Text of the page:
Q. Is IE safe to use again?
A. Short answer: No. Version 7 is safer than 6 was, with many under-the-hood security fixes. But investigators have already discovered a number of security holes, and the browser still ties into Windows in such a way that it acts as a conduit to nasty flaws that continually pop up in the OS. By all means upgrade to version 7 for the improved safety, but don't let your guard down just yet.
Q. I like Firefox just fine. Is there any reason to switch back?
A. Nope. IE 7 is a major step up from its predecessor, but Firefox is safer, has more features, and is far more customizable with add-ons and themes. IE 7 remains a valuable option when you encounter one of those clueless, IE-only Web sites. (Note that IE Tab or IE View will still let you launch IE from within Firefox.)
Q. What does the RSS repository do to my feed reader?
A. Not much for now, as IE and your feed reader keep their data separate. Before long, feed readers will likely be able to read IE's repository directly, at which point you could subscribe to a feed in IE and read it in another program. Microsoft has said that it had this very scenario in mind when it kept IE 7's RSS display basic. A currently available NewsGator download is a step toward this goal of open information exchange: It synchronizes your repository with NewsGator so that you can read all of your IE-subscribed feeds on NewsGator's site.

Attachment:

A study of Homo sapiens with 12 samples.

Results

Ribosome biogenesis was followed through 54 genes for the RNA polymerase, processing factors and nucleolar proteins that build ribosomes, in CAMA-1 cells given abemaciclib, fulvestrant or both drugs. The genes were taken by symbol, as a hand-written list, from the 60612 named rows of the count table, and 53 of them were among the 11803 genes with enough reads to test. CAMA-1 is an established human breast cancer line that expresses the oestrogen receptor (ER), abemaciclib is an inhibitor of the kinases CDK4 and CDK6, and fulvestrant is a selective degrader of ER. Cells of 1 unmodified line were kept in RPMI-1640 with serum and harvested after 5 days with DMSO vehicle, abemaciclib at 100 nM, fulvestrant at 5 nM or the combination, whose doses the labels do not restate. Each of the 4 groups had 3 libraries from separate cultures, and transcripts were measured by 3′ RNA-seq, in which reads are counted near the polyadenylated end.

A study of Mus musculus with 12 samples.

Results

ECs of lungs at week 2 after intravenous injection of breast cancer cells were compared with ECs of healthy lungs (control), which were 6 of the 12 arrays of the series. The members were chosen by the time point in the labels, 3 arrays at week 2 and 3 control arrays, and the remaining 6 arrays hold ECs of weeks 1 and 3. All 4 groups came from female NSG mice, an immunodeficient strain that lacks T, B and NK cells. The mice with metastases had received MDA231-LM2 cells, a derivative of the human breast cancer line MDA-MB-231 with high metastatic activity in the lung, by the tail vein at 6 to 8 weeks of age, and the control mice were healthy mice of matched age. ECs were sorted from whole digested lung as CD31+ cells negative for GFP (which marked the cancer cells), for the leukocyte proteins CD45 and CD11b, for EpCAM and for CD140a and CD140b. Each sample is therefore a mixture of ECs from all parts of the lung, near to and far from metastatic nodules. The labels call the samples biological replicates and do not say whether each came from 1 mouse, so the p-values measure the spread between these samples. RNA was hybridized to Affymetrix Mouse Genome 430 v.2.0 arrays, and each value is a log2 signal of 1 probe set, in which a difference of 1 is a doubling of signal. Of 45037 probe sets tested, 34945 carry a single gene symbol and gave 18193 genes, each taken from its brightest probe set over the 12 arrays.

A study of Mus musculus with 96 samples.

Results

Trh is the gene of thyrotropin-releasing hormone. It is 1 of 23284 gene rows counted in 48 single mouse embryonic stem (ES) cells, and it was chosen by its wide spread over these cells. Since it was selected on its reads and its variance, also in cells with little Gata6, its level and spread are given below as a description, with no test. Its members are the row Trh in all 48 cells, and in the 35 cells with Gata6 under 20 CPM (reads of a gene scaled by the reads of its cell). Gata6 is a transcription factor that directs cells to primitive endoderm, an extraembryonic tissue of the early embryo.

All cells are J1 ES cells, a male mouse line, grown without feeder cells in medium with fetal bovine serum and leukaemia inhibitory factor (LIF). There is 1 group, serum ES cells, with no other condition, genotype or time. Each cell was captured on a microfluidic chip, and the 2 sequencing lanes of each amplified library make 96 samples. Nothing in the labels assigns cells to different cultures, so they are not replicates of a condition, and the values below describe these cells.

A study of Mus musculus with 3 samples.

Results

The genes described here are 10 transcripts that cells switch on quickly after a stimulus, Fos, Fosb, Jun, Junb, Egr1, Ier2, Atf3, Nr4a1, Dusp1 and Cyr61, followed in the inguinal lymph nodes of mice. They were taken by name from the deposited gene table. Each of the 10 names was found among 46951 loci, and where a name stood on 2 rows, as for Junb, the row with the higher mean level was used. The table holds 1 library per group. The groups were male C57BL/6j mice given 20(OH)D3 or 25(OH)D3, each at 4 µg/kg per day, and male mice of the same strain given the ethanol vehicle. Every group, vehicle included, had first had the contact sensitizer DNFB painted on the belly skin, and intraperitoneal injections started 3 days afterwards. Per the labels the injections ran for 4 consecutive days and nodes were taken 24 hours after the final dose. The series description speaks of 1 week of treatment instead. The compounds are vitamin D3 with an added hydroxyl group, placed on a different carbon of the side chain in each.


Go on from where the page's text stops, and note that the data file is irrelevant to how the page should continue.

Q. How will IE 7 in Vista differ from IE 7 in XP?
A. The big difference will be Protected Mode in Vista, a smart security move that will run IE 7 in the new OS with reduced user privileges. If (or more realistically, when) hackers break through IE, they'll have less power to alter your computer than they have in XP. It won't be as easy for them to drop a virus in Windows system folders, for instance. You can get much the same type of setup today for almost any program in XP via a little-known Microsoft download called DropMyRights.